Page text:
Overview of attention for article published in BMC Evolutionary Biology, June 2014

  • In the top 5% of all research outputs scored by Altmetric
  • High Attention Score compared to outputs of the same age (92nd percentile)
  • High Attention Score compared to outputs of the same age and source (90th percentile)

Mentioned by

news
1 news outlet
blogs
1 blog
twitter
1 tweeter
reddit
1 Redditor

Citations


Readers on

Multi-locus phylogeny of lethal amanitas: Implications for species diversity and historical biogeography
Published in
BMC Evolutionary Biology, June 2014
DOI 10.1186/1471-2148-14-143
Pubmed ID
Authors

Qing Cai, Rodham E Tulloss, Li P Tang, Bau Tolgor, Ping Zhang, Zuo H Chen, Zhu L Yang

Abstract

Lethal amanitas (Amanita section Phalloideae) are a group of wild, fatal mushrooms causing many poisoning cases worldwide. However, the diversity and evolutionary history of these lethal mushrooms remain poorly known due to the limited sampling and insufficient gene fragments employed for phylogenetic analyses. In this study, five gene loci (nrLSU, ITS, rpb2, ef1-alpha and beta-tubulin) with a widely geographic sampling from East and South Asia, Europe, North and Central America, South Africa and Australia were analysed with maximum-likelihood, maximum-parsimony and Bayesian inference methods. Biochemical analyses were also conducted with intention to detect amatoxins and phalloidin in 14 representative samples.Result: Lethal amanitas were robustly supported to be a monophyletic group after excluding five species that were provisionally defined as lethal amanitas based on morphological studies. In lethal amanitas, 28 phylogenetic species were recognised by integrating molecular phylogenetic analyses with morphological studies, and 14 of them represented putatively new species. The biochemical analyses indicated a single origin of cyclic peptide toxins (amatoxins and phalloidin) within Amanita and suggested that this kind of toxins seemed to be a synapomorphy of lethal amanitas. Molecular dating through BEAST and biogeographic analyses with LAGRANGE and RASP indicated that lethal amanitas most likely originated in the Palaeotropics with the present crown group dated around 64.92 Mya in the early Paleocene, and the East Asia-eastern North America or Eurasia-North America-Central America disjunct distribution patterns were primarily established during the middle Oligocene to Miocene.

Twitter Demographics

The data shown below were collected from the profile of 1 tweeter who shared this research output. Click here to find out more about how the information was compiled.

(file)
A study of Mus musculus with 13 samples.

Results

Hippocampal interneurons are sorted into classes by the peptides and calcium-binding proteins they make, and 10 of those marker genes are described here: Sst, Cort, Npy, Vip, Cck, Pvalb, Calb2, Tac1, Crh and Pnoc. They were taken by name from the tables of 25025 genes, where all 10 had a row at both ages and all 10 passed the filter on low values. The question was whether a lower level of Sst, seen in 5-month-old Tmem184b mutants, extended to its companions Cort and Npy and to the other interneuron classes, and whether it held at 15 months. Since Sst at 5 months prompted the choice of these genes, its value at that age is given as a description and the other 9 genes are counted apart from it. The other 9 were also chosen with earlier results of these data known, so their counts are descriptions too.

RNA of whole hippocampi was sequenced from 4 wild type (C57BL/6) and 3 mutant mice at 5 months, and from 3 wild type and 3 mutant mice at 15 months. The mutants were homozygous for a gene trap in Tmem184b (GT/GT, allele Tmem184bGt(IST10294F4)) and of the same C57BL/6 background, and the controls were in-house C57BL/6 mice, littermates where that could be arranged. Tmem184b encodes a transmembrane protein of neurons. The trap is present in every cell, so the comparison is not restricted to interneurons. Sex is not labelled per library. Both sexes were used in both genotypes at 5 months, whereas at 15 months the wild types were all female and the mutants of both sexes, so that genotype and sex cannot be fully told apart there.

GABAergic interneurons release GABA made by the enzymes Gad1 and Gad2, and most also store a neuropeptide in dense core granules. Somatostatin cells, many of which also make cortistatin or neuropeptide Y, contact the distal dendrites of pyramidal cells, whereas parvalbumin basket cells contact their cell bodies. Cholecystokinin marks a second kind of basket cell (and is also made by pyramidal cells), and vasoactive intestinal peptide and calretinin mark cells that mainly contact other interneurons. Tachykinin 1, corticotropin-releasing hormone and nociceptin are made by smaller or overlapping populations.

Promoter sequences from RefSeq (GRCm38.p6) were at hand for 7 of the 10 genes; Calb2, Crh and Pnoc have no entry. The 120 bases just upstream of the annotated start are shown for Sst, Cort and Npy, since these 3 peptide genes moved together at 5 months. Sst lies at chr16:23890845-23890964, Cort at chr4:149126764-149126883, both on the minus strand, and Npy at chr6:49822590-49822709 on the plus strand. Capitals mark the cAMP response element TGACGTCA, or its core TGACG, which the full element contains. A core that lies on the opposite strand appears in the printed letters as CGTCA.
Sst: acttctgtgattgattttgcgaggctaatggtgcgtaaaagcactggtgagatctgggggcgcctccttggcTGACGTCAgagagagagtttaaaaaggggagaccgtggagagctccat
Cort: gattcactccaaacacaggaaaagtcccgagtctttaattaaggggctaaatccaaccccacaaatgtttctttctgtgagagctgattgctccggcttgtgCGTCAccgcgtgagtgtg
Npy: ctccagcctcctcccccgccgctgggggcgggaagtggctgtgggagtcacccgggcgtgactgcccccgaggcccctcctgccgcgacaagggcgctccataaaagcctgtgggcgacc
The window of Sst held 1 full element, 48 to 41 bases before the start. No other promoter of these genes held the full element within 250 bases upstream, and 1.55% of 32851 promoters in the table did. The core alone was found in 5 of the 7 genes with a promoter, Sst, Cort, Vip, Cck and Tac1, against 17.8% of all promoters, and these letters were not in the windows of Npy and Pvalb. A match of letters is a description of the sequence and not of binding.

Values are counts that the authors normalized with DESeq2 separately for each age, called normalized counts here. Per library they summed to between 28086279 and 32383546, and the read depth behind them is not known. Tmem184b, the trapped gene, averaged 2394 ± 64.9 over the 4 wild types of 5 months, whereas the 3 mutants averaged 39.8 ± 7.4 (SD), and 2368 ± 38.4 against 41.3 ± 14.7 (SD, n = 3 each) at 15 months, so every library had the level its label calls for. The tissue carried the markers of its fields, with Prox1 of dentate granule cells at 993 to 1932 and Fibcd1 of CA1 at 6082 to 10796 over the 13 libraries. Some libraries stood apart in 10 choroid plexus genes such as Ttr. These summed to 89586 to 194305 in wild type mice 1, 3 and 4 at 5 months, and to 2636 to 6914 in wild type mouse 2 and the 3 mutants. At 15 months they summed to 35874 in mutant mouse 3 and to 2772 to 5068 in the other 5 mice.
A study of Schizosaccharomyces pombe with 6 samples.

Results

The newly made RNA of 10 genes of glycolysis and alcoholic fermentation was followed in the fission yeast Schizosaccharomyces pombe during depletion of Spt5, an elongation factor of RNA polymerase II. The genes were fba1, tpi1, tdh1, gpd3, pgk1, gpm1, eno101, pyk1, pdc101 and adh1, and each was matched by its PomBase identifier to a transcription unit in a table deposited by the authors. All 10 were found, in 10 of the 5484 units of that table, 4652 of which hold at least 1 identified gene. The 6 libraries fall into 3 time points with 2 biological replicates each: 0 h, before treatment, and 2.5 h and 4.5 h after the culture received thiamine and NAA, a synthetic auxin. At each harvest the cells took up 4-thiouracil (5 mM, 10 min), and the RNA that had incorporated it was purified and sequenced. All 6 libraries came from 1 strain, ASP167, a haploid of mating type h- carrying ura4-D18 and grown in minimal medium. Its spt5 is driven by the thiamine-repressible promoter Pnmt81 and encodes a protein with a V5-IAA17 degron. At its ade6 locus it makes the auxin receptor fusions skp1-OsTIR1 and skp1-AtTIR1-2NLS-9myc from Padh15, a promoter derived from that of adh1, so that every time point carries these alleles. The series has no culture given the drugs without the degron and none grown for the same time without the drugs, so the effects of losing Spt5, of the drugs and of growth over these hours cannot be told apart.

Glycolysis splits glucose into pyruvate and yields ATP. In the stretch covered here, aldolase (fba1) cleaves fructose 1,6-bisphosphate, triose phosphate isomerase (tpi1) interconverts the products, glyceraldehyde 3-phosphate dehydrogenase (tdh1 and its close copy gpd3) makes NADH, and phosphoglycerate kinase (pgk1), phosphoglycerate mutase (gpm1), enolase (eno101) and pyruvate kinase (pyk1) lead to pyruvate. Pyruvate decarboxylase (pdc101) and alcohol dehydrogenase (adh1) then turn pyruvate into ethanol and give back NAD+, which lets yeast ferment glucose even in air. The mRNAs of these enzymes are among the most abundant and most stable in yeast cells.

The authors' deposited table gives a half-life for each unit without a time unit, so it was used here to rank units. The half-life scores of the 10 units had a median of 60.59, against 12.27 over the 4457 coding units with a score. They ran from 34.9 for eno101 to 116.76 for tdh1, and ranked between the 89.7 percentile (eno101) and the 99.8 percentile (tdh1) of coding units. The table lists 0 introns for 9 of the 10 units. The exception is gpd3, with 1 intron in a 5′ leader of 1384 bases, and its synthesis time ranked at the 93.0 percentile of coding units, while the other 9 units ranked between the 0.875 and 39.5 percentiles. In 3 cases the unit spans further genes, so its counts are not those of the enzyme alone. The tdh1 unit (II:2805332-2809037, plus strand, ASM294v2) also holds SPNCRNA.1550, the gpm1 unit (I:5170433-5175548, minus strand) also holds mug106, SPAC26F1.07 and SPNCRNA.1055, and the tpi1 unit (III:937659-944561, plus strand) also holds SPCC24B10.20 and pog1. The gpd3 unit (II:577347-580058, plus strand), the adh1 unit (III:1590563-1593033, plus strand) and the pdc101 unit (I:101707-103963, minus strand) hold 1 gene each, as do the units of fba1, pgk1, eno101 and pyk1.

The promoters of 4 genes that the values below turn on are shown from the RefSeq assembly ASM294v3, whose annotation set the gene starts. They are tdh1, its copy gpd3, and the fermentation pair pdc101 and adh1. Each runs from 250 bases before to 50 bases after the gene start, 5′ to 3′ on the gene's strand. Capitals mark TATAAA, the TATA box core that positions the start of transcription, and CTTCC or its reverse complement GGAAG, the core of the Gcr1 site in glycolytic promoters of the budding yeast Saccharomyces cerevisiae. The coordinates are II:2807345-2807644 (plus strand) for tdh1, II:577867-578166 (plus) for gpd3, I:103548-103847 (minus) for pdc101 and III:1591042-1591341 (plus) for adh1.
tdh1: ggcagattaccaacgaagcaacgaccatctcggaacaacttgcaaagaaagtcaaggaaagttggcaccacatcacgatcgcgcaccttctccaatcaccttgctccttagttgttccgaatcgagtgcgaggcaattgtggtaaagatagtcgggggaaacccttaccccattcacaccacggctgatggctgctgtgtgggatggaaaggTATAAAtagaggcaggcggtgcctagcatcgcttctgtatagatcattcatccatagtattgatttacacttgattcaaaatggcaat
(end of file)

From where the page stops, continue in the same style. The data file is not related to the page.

Mendeley readers

The data shown below were compiled from readership statistics for 69 Mendeley readers of this research output. Click here to see the associated Mendeley record.

Geographical breakdown

Country Count As %
United States 1 1%
France 1 1%
Unknown 67 97%

Demographic breakdown

Readers by professional status Count As %
Student > Ph. D. Student 13 19%
Researcher 13 19%
Student > Bachelor 8 12%
Student > Doctoral Student 6 9%
Student > Master 5 7%
Other 13 19%
Unknown 11 16%
Readers by discipline Count As %
Agricultural and Biological Sciences 37 54%
Biochemistry, Genetics and Molecular Biology 6 9%
Environmental Science 2 3%
Chemistry 2 3%
Medicine and Dentistry 2 3%
Other 6 9%
Unknown 14 20%

Attention Score in Context

This research output has an Altmetric Attention Score of 18. This is our high-level measure of the quality and quantity of online attention that it has received. This Attention Score, as well as the ranking and number of research outputs shown below, was calculated when the research output was last mentioned on 07 January 2015.
All research outputs
#225,901
of 4,707,237 outputs
Outputs from BMC Evolutionary Biology
#111
of 1,484 outputs
Outputs of similar age
#8,385
of 109,968 outputs
Outputs of similar age from BMC Evolutionary Biology
#6
of 61 outputs
Altmetric has tracked 4,707,237 research outputs across all sources so far. Compared to these this one has done particularly well and is in the 95th percentile: it's in the top 5% of all research outputs ever tracked by Altmetric.
So far Altmetric has tracked 1,484 research outputs from this source. They typically receive more attention than average, with a mean Attention Score of 7.7. This one has done particularly well, scoring higher than 92% of its peers.
Older research outputs will score higher simply because they've had more time to accumulate mentions. To account for age we can compare this Altmetric Attention Score to the 109,968 tracked outputs that were published within six weeks on either side of this one in any source. This one has done particularly well, scoring higher than 92% of its contemporaries.
We're also able to compare this research output to 61 others from the same source and published within six weeks on either side of this one. This one has done particularly well, scoring higher than 90% of its contemporaries.